Symptoms Of Cancer in Dogs

When we discuss symptoms of illness in dogs, we use the term signs, which is more accurate. Many of the signs of cancer in dogs are shared with other illnesses. Seeking care promptly is key.

Key Takeaways

  • Cancer can develop anywhere in your dog’s body.
  • Cancer can develop in dogs of all ages. It is more common in older dogs.
  • With appropriate testing performed it is very uncommon to mistake other illnesses for cancer.
  • Physical examination and annual wellness screening are the initial ways that vets monitor for cancer. Additionally, x-rays, biopsy and other testing may be necessary.
  • There is no one breed of dog that is most prone to cancer.
  • Sometimes blood tests can identify certain cancers. However, there is no blood test that can be performed to screen for all cancer types.

Symptoms of Cancer in Dogs

When we veterinarians talk about symptoms of cancer in dogs, we often call them signs of cancer, instead. That’s because symptoms are medical issues that are experienced by a person.1

  • A symptom is a manifestation of disease apparent to the patient himself. But dogs can’t report their own symptoms to us, so in veterinary medicine we don’t use the word symptoms.
  • A sign is a manifestation of a disease that the veterinarian perceives, so your veterinarian may discuss the “signs” your dog displays.

Understanding why your veterinarian discusses signs, not symptoms, is helpful and a reminder of how challenging the assessment of dogs with cancer can be in comparison to people. Our patients do not speak. They cannot offer their assessment of what is wrong, such as being able to say, “it hurts here.”

That’s why we veterinarians have to rely on other methods of diagnosis. We rely on our examination, clinical observations, and collecting a detailed history of your dog from you.

Nonspecific Signs of Cancer in Dogs

Nonspecific signs of cancer are signs that we might see with other illnesses, as well.

Examples of nonspecific signs that could occur in cancer, but also in many other diseases, are:

  • Weight loss
  • Lethargy
  • Vomiting/diarrhea
  • Lameness
  • Abnormal discharge from the nose, mouth, rectum or vulva
  • Halitosis (foul odor from the mouth)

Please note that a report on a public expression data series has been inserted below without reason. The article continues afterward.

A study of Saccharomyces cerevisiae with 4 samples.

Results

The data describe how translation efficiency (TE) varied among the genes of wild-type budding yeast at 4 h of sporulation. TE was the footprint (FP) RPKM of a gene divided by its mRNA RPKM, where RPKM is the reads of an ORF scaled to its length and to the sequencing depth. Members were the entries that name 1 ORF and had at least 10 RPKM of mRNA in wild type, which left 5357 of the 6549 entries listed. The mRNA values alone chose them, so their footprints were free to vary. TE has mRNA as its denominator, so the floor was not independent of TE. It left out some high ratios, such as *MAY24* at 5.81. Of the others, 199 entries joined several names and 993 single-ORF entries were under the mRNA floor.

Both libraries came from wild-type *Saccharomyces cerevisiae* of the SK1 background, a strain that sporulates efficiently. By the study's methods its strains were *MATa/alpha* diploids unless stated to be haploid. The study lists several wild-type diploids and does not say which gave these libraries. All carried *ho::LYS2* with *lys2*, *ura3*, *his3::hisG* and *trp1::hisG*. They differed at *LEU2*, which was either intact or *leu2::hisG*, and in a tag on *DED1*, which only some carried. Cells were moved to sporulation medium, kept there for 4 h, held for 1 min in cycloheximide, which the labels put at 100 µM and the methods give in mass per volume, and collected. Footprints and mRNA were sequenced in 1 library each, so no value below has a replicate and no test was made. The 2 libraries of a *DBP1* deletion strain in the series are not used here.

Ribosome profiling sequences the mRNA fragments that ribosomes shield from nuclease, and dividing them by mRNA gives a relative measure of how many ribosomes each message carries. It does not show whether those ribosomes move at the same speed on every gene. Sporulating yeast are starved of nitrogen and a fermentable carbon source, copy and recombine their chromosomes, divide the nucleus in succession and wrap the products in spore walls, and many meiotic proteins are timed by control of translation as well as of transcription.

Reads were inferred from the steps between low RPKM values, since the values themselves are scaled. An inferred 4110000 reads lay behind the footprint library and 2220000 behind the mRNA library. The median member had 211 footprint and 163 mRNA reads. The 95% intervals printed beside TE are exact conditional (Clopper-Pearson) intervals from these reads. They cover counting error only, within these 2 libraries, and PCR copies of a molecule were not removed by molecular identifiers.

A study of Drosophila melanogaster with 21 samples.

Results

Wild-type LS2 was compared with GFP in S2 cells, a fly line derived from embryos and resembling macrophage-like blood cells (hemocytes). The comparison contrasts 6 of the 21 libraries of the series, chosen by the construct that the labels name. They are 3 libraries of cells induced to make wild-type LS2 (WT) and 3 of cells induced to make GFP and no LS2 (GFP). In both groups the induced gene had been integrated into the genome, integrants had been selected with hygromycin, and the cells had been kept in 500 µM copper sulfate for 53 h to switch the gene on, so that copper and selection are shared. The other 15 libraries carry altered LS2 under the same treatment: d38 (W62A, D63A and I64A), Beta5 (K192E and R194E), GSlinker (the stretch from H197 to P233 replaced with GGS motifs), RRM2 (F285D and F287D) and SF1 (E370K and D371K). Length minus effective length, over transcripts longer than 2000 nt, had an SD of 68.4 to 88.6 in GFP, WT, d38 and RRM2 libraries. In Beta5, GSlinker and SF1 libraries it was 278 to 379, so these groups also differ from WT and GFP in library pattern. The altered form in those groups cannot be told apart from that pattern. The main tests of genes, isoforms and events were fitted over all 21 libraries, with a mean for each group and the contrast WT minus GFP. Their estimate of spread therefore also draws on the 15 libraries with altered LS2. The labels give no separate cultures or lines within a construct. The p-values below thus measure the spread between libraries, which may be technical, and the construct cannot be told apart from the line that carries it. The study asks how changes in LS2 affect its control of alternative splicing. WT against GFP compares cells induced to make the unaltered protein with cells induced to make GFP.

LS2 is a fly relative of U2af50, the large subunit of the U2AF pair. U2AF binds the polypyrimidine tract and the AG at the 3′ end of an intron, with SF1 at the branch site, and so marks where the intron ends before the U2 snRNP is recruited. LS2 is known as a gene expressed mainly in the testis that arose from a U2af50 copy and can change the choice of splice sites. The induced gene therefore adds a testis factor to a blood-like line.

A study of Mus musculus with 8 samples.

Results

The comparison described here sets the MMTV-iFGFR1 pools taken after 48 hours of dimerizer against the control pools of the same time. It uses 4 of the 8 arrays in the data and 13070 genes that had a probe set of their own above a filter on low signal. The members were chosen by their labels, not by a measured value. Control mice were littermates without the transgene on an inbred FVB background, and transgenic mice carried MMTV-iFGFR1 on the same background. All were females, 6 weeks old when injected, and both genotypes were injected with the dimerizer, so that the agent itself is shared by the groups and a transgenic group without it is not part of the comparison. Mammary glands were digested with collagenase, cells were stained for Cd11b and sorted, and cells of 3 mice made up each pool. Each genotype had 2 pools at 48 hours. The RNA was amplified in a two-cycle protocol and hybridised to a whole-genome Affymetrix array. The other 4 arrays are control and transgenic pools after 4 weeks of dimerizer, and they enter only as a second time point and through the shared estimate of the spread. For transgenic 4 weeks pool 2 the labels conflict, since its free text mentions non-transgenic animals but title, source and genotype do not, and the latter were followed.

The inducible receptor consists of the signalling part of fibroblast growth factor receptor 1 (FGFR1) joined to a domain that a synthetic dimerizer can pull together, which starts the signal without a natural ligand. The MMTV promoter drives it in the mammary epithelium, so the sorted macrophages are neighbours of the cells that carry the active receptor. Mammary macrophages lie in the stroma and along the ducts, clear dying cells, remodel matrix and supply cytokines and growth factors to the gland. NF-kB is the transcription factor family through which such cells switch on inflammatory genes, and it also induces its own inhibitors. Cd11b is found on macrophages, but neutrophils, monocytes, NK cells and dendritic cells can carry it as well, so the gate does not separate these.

• Changes in behavior

This is only a partial list of the nonspecific signs of cancer in dogs.

Early Signs That May Indicate Cancer in Dogs

Many of the nonspecific signs listed above can also be considered early signs of cancer in your dog.

Additionally, masses, swellings or bumps that develop quickly or change in appearance and wounds that will not heal could be more specific indicators of cancer.

Recognizing an Emergency

Seek emergency care whenever there is an abrupt change in your dog’s condition.

Rapid onset weakness, difficulty breathing, disorientation, seizure, pallor (light colored gums), severe vomiting or diarrhea, inability to urinate, bleeding, and acute pain are all signs that your dog may be having a life-threatening emergency.

When to Seek Veterinary Care

Signs are much harder to recognize in dogs than symptoms are in humans. For example, it might take a long time for you to notice your dog’s weight loss because you see your dog each day and changes over time can be difficult to see.

Once you recognize signs of possible illness pursue your concerns. Whenever you notice that there has been a change in your dog’s condition you should schedule a visit with your vet.

Remember, nonspecific signs can be signs of a variety of other illnesses that can be very serious. It is much better to have your dog evaluated promptly if you have concerns.

Trust Your Gut

You are the most astute and valuable observer of your dog. If your dog’s normal behavior, appetite, or energy level change, or masses develop, seek veterinary care. If your dog’s condition abruptly changes, they become weak, unresponsive, have seizures, collapse or develop other rapid and dramatic signs, seek emergency veterinary care.

  1. NCI Dictionary of Cancer terms: Symptoms. National Cancer Institute. Accessed April 28, 2023.
  2. King L. Signs and Symptoms. (1968) JAMA.206(5):1063–1065. doi:10.1001/jama.1968.03150050051011.